News Analysis |
A meeting, held in the Foreign Office Islamabad, between the delegation of the United States of America and Pakistan culminated as both sides agreed that dialogue is the only way forward for long-term peace in the region and it must continue. The U.S delegation comprised of Special Representative for Afghanistan Zalmay Khalilzad and Principal Deputy Assistant Secretary for South and Central Asian Affairs Alice Wells.
On the Pakistan side, Ambassador Aftab Khokher, Additional Secretary (Americas) led the discussion. The cornerstone of the meet up was the ongoing dialogue process between the Taliban and the United States of America. Zalmay Khalilzad expressed hope that it would result in a scenario which will be in the best interest of the Afghan people and regional peace, but for that to happen Taliban must realize the transition since 2001.
America engaged the Taliban in dialogue after the victory was nowhere in sight, with the aim to put a graceful end to the adventure started after 9/11. The negotiations have often come under criticism for their ineptness to incorporate the ruling Kabul regime or representatives of Afghan society in general. But so far, the United States has been able to secure a crucial guarantee from the Taliban that in future the territory of Afghanistan will not be allowed to be used against the USA.
However, in return, Taliban have not promised anything which would give the people of Afghanistan anything to rejoice over and hence, the Ghani administration seems to be disgruntled with the progress so far. The disgruntlement was expressed in the statement of Afghanistan National security advisor against the Special Representative for Afghanistan Zalmay Khalilzad.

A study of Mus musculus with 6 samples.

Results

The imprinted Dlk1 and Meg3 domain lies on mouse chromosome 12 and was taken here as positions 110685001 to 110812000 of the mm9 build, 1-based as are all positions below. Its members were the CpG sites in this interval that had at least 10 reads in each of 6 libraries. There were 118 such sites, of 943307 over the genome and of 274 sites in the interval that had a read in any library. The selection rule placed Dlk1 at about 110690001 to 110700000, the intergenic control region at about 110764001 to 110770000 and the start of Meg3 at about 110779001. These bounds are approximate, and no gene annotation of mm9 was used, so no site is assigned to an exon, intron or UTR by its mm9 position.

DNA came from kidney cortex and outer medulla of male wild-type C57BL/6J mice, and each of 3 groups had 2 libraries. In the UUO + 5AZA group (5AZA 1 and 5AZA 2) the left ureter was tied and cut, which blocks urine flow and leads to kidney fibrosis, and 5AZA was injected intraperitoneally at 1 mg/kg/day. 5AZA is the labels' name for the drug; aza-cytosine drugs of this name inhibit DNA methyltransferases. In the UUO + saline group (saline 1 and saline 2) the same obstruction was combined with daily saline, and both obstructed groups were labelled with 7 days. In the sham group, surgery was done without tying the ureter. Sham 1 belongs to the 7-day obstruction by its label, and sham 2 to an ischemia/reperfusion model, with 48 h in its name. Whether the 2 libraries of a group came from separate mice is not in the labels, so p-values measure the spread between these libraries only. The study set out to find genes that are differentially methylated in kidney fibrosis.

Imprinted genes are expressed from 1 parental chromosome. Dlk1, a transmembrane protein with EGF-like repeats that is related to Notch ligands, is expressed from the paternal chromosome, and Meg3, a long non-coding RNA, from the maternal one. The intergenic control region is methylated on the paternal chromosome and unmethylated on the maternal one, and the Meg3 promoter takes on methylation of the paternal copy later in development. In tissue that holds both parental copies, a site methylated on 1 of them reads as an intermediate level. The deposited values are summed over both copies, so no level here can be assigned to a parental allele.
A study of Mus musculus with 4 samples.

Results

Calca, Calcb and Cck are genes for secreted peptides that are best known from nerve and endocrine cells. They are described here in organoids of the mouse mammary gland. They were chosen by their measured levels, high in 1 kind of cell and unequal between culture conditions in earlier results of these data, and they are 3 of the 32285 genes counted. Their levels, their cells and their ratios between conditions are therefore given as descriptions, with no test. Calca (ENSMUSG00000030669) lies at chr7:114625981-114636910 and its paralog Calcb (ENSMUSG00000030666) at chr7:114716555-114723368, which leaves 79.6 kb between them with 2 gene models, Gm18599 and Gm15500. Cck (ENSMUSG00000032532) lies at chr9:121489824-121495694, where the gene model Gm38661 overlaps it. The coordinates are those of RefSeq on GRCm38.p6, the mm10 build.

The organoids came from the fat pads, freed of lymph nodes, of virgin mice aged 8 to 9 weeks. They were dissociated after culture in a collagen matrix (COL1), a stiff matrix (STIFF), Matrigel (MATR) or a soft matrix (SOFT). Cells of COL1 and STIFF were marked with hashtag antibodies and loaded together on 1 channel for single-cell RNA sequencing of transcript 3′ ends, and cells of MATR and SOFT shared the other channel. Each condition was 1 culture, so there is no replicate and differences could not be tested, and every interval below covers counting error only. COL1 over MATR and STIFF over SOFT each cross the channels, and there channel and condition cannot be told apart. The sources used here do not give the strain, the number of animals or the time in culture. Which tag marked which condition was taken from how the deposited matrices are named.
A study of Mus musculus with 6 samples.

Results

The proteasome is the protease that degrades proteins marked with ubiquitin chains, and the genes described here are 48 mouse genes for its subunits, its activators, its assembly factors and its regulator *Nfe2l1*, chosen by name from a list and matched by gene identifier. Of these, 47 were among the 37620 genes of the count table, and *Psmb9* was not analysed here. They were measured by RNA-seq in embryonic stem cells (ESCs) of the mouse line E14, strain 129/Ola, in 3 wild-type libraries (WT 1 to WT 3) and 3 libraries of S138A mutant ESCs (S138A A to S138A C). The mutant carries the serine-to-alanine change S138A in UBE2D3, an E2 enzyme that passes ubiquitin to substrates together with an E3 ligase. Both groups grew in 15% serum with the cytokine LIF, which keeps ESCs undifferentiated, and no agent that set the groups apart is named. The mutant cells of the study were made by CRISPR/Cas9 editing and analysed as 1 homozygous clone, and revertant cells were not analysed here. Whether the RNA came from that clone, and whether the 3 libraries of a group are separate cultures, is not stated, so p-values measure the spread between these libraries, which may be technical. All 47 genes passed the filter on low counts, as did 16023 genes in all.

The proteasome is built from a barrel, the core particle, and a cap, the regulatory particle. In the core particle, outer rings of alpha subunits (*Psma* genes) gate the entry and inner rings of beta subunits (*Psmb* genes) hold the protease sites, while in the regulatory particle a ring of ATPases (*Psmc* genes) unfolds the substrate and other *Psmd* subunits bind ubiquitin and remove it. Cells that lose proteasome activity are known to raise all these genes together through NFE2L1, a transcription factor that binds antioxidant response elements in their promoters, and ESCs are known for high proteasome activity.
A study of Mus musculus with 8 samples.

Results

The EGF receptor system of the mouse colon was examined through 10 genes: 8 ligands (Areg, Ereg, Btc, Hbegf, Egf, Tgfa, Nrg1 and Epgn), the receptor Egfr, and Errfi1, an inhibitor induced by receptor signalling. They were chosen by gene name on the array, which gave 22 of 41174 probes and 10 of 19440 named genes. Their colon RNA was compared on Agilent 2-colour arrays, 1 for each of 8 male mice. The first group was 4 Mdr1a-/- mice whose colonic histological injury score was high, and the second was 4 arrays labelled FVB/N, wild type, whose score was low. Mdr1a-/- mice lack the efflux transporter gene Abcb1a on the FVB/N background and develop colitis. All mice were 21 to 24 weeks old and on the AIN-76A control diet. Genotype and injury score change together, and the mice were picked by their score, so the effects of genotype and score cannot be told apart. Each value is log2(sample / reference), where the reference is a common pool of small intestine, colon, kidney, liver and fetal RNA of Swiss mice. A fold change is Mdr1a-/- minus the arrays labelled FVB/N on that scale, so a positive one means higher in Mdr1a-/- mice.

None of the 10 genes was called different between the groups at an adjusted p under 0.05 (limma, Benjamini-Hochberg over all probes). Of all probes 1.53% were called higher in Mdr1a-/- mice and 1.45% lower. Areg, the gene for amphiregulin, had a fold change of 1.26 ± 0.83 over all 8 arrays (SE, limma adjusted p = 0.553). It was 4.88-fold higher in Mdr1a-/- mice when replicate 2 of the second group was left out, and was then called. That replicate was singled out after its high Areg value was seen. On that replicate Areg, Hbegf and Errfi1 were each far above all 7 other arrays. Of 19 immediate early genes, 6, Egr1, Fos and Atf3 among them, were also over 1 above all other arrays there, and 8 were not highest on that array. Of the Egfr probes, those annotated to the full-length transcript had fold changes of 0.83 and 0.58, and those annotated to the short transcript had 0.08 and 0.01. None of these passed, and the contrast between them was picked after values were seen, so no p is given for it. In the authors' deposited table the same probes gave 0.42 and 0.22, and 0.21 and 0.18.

Taliban Need to Adapt
Khalilzad is right in asserting that for peace to prevail in Afghanistan, it is very important that the Taliban must see Afghanistan differently from the late 90’s when they did were in government. There is a micro and macro perspective on the argument. On a micro level, the Afghan society in the past 18 years has lived under a form of democracy, no matter how fragile or corrupt it may have been.
Therefore, the Taliban need to operate under this system in order to ensure no future civil war starts. Pakistan desperately wants the ongoing negotiations to work in order to have peace in the region and to ensure that no future wave of refugees come to Pakistan; which is a burden that Pakistan’s fragile economy cannot bear in the near future. The macro angle to look at a post-U.S Afghanistan is the security and economic dimension which would polarize the country even more.
From the security perspective, the rise of ISIS and the ruthless demeanor in their way of committing terror, are alarming for regional countries such as Iran, China, Russia, and Afghanistan. Given importance of the land route through Afghanistan, which would connect China’s trade routes to central Asia leading all the way to Europe, the Taliban needs to be able to protect these international interests.
Return of Alice Wells on the Scene
The Principal Deputy Assistant Secretary for South and Central Asian Affairs Alice Wells was the lady which covertly spearheaded and discussed the contours of formal dialogue with the Taliban. But ever since the United States formally announced Zalmay Khalilzad to take the process forward, she was asked to take the back seat.
Given the current arrangement where the dialogue process seems to have reached a potential deadlock, the Taliban are not willing to accept the Kabul regime as a legitimate stakeholder and are adamantly calling for the U.S to pull out its troops, her return to the scene is understandable.
For nearly two years, Alice Wells held secret meetings with the Taliban’s representatives in Doha to discuss how the process would be taken forward once the negotiations are officially started. It is high time to bring the Taliban back to agreed agenda or else the dialogue is doomed.